Bengaluru: Amid nationwide protests against the new Citizenship Amendment Act (CAA) and the National Register of Citizens (NRC), Prime Minister Narendra Modi said Sunday his government or Parliament hasn’t yet discussed the NRC. But Tejasvi Surya, the BJP MP from Bangalore South, made it clear that the NRC will be implemented, as it is mandated in the CAA.
In an interview to ThePrint, Surya said the implementation of NRC was clearly mentioned in the BJP manifestos for 2014 and 2019 Lok Sabha elections, and the people were aware that it would come into force if they elected Modi.
“It is not that one fine day Modi ji woke up and said we will implement the NRC. We had explained to people if we come to power, we will do this. People gave us the mandate to do this. If you did not read our manifesto, did not hear our speeches, or chose not to hear us, then it is your problem,” Surya said.
“Amit Shah said in his speech in Parliament that ‘NRC aane waala hai’. The NRC will be implemented, as it is the mandate of the statute of the CAA. The Supreme Court has directed the government to do an NRC. When it will come, how it will come — that is left up to the wisdom of the government. But when it is done, it will be done in a free and fair manner,” Surya said.
However, after the publication of this interview, Surya contacted ThePrint to clarify that he meant that the CAA was part of the BJP manifesto in 2014 and 2019, not the NRC.
Addressing a rally at Delhi’s Ramlila Maidan Sunday, PM Modi said those opposing the CAA had told an “evil lie” about the NRC, calling it an attempt to cause havoc in the country. “It has not been discussed by the cabinet, and I will assure all the 130 crore Indians that since 2014, when we came to power, the term NRC has not been part of any discussion in the government,” he said.
Home Minister Amit Shah, on the other hand, has spoken about the nationwide NRC in Parliament, as well as at public rallies in various places.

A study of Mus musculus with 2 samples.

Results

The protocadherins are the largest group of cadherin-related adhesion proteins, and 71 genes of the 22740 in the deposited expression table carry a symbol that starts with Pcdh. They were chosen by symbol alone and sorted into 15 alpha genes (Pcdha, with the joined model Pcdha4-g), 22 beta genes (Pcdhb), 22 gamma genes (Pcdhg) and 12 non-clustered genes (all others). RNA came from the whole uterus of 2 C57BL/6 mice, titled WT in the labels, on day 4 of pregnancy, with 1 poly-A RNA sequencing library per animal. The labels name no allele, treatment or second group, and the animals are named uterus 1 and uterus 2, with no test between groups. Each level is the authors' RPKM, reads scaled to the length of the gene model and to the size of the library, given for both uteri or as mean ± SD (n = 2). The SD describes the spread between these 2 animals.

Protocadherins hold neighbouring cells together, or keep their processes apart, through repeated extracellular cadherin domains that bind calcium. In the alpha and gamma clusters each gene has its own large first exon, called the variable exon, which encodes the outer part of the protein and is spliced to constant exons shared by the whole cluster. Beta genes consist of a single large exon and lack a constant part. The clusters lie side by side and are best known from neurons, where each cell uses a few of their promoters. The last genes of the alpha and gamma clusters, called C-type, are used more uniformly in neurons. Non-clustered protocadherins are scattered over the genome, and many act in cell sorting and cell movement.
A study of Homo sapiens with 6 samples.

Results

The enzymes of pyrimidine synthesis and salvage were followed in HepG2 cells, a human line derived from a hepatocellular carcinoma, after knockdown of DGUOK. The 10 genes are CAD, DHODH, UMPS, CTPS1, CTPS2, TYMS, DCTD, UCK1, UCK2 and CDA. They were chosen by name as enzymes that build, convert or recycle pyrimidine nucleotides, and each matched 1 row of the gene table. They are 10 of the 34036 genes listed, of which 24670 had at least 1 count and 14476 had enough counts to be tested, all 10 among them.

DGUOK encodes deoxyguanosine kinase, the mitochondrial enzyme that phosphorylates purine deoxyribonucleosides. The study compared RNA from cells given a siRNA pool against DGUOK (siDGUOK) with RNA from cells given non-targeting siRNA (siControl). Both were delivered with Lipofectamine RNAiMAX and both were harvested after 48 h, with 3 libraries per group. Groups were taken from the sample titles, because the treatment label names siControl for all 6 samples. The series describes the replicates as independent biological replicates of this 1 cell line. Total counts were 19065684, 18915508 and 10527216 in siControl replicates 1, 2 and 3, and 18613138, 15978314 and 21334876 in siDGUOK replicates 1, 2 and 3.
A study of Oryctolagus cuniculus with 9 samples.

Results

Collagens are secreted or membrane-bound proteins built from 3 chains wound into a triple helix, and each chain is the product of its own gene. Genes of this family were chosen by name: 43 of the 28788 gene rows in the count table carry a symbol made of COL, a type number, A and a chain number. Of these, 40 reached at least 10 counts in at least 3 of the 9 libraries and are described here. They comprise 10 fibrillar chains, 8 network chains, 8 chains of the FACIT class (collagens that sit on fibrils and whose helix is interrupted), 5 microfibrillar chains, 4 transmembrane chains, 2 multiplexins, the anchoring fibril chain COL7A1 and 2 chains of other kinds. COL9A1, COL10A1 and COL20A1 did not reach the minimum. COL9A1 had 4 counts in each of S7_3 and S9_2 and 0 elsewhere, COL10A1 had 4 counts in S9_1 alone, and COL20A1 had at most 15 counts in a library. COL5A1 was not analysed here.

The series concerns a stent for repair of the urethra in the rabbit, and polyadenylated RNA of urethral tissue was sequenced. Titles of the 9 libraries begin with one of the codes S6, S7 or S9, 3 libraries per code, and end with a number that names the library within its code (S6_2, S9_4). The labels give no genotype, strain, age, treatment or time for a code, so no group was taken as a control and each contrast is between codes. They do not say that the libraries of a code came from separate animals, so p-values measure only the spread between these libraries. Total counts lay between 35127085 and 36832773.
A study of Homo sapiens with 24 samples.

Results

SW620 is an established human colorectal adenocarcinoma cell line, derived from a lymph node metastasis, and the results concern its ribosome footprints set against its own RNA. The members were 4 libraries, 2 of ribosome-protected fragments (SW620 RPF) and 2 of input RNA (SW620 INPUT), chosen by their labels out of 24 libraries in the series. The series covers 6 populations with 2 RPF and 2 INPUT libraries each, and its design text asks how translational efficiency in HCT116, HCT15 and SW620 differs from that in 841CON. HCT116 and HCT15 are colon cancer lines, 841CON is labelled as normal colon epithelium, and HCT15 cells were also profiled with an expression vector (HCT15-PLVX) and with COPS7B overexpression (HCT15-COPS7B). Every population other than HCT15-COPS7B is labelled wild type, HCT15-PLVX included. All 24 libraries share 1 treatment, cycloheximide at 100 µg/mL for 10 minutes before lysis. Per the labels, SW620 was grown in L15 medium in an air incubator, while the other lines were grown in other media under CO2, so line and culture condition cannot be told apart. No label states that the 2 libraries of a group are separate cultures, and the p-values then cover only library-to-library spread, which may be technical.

Asked why Modi and Shah were saying two different things, Surya said: “The government may not have discussed it. But it is a statutory requirement of the CAA to (conduct an NRC).”
Protests a result of ‘half-understanding’ CAA
The lawyer-turned-politician said there was unnecessary rumour-mongering about the NRC, and that no Indian citizen, irrespective of religion, would be deprived of citizenship.
He said instead of being conducted in a democratic manner, the debate on CAA and NRC was being used to incite violence, and pin the blame on PM Modi.
“Our government is prepared to handle all of this. If you don’t like Modi, you are protesting, then there will be a grain of honesty to it. But why make it a Hindu-Muslim issue? If you have hatred for Modi, say so by printing banners and protesting. That way you will be honest to yourself instead of misguiding people,” Surya said.
At a pro-CAA rally Sunday, Surya called those opposing the new citizenship law “puncture-wallahs” and “illiterate”, leading to a major backlash. He clarified that his statement was metaphorical and not intended to demean anyone’s profession, but said the protests and violence were a product of “half-understanding” the CAA.
Asked about detention centres, Surya went on the offensive, asking if anyone had been kept in these centres.
“Are there any people in centres right now? Is this Modi’s brainchild? The Citizenship Act of 1955, Section 14A, speaks of NRC. Who introduced it? Did Modi introduce it? On whose direction did the previous government introduce Section 14A?” Surya asked.
“These things are nothing but fear-mongering,” he added.
This article was updated after Tejasvi Surya contacted ThePrint to clarify he meant CAA, not NRC, was part of the BJP manifesto.